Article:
Back in the old days, if you needed capital for your business, you typically went to your local bank, presented them with a business plan that outlined your financial projections, and received a loan based on the soundness of your plan and your relationship with your banker. Nowadays, of course, things have changed, and many for the good.
You now have many ways you can raise money for your business, including:
- Self-funding (your savings and credit cards – although be careful of going into too much debt!)
- Bootstrapping (grow your business as revenue comes in)
- Loans from friends and family
- SBA loans
- Angel investors
- Venture capitalists
- Incubators and accelerators
- Crowdfunding (the newest way to raise money)
Investors will be interested in your business if you can show that it can be scaled quickly and that it has the potential for a large payout for them, usually by selling your company to a larger one or via an IPO (initial public offering).
Depending on your business idea and your personal desires (remember that gaining investors typically means you lose equity and some control of your business), you may or may not be interested in pursuing outside investment.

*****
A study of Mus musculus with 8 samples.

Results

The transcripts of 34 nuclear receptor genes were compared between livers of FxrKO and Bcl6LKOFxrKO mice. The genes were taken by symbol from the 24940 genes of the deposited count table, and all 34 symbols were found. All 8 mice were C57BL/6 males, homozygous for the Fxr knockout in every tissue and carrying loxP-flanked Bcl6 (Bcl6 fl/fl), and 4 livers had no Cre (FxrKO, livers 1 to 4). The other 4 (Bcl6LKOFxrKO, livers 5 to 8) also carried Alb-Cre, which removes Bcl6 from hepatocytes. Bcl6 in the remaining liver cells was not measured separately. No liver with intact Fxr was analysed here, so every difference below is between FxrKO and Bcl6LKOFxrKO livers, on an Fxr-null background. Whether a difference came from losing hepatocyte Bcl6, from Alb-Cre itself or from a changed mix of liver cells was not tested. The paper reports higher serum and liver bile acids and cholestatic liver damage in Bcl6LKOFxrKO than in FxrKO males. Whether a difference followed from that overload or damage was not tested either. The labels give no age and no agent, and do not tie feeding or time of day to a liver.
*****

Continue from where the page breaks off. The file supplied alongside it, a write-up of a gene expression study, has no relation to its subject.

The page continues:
Crowdfunding, on the other hand, allows you to raise money without needing to give away equity or operational control. It’s also an excellent way to measure interest in your product and reward early adopters, who will often be passionate about your business and help spread the word. The two most popular crowdfunding platforms are Kickstarter and Indiegogo.
Here’s an example of a really well-done campaign (and one that I have backed!).
The video opens with author Colleen Patrick-Goudreau eloquently describing the problem, then introducing the solution, and finally appealing to contributors by clearly explaining how they can be a part of the campaign and what perks they can receive. The campaign description outlines what the funds will be used for and shows examples of what will be included in the final product. A model campaign!
Here are some good articles for tips on creating a successful crowdfunding campaign:
- “How to Create a Kick Ass Crowdfunding Campaign and Make Your Dreams Come True”
- “How to Create a Crowdfunding Campaign for Under $100”
- “7 Video Tips for Crowdfunding Campaign Magnetism and Results”
Have you ever backed a crowdfunding project? If so, what motivated you to do so?